Valuing the right to vote

Over a thousand students living at Murano Street Student Village found that they were unable to vote in the European elections that took place this summer.

An “oversight” by Sanctuary Management Services (SMS) meant that the Murano Street residents were not added to the electoral register in Scotland. As students had been assured in their welcome packs that their registration would be handled by SMS and so need no other input from themselves, many of those who intended to vote in the European elections last summer only found out when it was too late.

The matter only came to light when one student called Glasgow City Council to check that he was eligible to vote. After being told that he was not registered, he contacted SMS to find out what had gone wrong. It was only then that SMS became aware of the problem.

Whilst the error that caused the lack of registration may be understandable, SMS should have contacted students as soon as the mistake was brought to their attention. It is all very well to apologise now but the damage has already been done.

Some students were able to rectify their situation in time to register themselves, but many others were left unable to do so in time to vote in the European elections. The “oversight” could just as easily have happened this year, and would have left students unable to vote in national elections, effectively denying them a say in who governs the country. Considering that SMS had no idea the mistake had been made until a student contacted them, it is entirely possible that the same situation could occur next year. All students living in university halls, not only those staying at Murano Street, should find out now whether or not they are registered to vote, particularly as it is likely that the next general election will take place in May 2010 — during the examination period.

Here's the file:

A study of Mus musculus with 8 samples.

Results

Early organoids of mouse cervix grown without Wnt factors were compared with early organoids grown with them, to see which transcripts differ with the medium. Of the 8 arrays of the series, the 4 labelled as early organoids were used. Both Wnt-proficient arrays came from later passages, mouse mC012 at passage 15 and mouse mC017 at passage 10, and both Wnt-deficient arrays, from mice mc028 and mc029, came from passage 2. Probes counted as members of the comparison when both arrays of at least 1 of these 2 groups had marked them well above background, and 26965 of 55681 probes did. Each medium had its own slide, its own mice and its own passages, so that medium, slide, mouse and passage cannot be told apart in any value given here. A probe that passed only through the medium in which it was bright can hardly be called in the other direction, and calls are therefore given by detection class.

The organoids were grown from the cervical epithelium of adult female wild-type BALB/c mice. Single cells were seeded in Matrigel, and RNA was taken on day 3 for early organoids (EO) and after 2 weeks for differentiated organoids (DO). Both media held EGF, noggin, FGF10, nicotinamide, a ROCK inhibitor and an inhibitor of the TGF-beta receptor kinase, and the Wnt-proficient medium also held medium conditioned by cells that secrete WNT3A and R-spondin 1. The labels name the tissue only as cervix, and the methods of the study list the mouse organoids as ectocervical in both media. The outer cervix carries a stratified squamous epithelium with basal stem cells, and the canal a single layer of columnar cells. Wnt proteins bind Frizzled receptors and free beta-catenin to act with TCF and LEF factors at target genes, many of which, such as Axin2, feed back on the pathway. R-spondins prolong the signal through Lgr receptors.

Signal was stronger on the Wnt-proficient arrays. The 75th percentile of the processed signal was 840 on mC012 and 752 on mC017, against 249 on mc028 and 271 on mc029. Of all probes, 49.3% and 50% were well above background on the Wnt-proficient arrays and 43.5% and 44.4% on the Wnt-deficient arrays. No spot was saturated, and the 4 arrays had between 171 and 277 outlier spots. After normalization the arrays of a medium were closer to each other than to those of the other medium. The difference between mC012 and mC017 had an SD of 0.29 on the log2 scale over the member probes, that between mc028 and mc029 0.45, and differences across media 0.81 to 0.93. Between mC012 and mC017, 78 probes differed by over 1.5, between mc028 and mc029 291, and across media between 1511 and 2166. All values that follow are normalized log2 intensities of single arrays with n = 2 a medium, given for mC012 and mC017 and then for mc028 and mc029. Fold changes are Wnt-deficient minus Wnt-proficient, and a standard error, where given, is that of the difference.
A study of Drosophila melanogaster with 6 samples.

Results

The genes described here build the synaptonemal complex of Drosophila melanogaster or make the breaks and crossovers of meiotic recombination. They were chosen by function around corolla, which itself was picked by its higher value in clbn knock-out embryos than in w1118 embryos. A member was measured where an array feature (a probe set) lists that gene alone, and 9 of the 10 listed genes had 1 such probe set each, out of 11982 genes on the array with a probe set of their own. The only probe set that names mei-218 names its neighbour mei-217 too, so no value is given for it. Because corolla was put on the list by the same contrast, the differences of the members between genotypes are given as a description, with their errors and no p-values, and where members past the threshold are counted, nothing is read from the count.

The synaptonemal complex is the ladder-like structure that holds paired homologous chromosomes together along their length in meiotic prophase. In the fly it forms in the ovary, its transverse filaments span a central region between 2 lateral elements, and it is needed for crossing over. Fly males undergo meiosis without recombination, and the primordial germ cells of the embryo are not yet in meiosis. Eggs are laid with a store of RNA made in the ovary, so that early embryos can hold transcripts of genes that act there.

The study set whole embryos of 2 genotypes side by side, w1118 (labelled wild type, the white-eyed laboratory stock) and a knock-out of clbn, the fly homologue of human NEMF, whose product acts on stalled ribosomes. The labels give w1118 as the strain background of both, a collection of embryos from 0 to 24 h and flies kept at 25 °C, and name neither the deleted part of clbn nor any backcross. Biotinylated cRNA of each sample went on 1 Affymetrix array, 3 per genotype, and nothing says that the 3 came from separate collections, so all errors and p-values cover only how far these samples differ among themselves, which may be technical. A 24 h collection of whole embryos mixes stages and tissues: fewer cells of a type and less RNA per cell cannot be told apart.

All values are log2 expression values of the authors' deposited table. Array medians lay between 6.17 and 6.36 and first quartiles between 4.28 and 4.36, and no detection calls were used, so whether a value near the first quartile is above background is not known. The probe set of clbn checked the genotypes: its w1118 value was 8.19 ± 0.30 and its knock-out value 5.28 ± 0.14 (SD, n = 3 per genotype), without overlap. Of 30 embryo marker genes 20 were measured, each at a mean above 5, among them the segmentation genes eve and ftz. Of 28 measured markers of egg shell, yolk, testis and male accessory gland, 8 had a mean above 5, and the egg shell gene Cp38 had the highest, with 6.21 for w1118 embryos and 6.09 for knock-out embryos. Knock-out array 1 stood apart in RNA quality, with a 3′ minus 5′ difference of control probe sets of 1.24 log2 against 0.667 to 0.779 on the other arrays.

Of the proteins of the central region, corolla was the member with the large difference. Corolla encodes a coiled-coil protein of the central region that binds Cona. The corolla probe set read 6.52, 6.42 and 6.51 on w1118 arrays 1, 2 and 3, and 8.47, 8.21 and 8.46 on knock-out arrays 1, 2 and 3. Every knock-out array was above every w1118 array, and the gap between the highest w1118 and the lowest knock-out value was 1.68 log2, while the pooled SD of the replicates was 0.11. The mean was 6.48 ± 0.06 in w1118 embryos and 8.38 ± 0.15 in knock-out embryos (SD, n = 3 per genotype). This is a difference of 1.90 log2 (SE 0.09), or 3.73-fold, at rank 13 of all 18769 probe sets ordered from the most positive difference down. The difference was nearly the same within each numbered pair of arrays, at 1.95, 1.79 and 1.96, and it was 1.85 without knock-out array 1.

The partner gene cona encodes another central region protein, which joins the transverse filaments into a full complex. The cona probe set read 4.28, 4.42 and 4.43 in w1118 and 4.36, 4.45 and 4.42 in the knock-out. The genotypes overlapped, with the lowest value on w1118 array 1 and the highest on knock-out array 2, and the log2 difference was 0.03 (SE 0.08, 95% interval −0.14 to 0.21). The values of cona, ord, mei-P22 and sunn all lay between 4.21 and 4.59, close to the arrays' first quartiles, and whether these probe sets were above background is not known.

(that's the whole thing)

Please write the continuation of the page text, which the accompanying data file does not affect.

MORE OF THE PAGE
One positive aspect is that this incident highlights the fact that students are still politically active, thus defying the continuing trend of voter apathy. The European elections had the lowest voter turnout in their history this year, and whilst it is extremely unlikely that the entire population of Murano Street would have gone to the ballot boxes, it is encouraging to see that people still value their hard-earned right to vote.

The lesson to be learned from this is that if you want to exercise your right to vote then be responsible for your own registration – don’t rely on others to do it for you.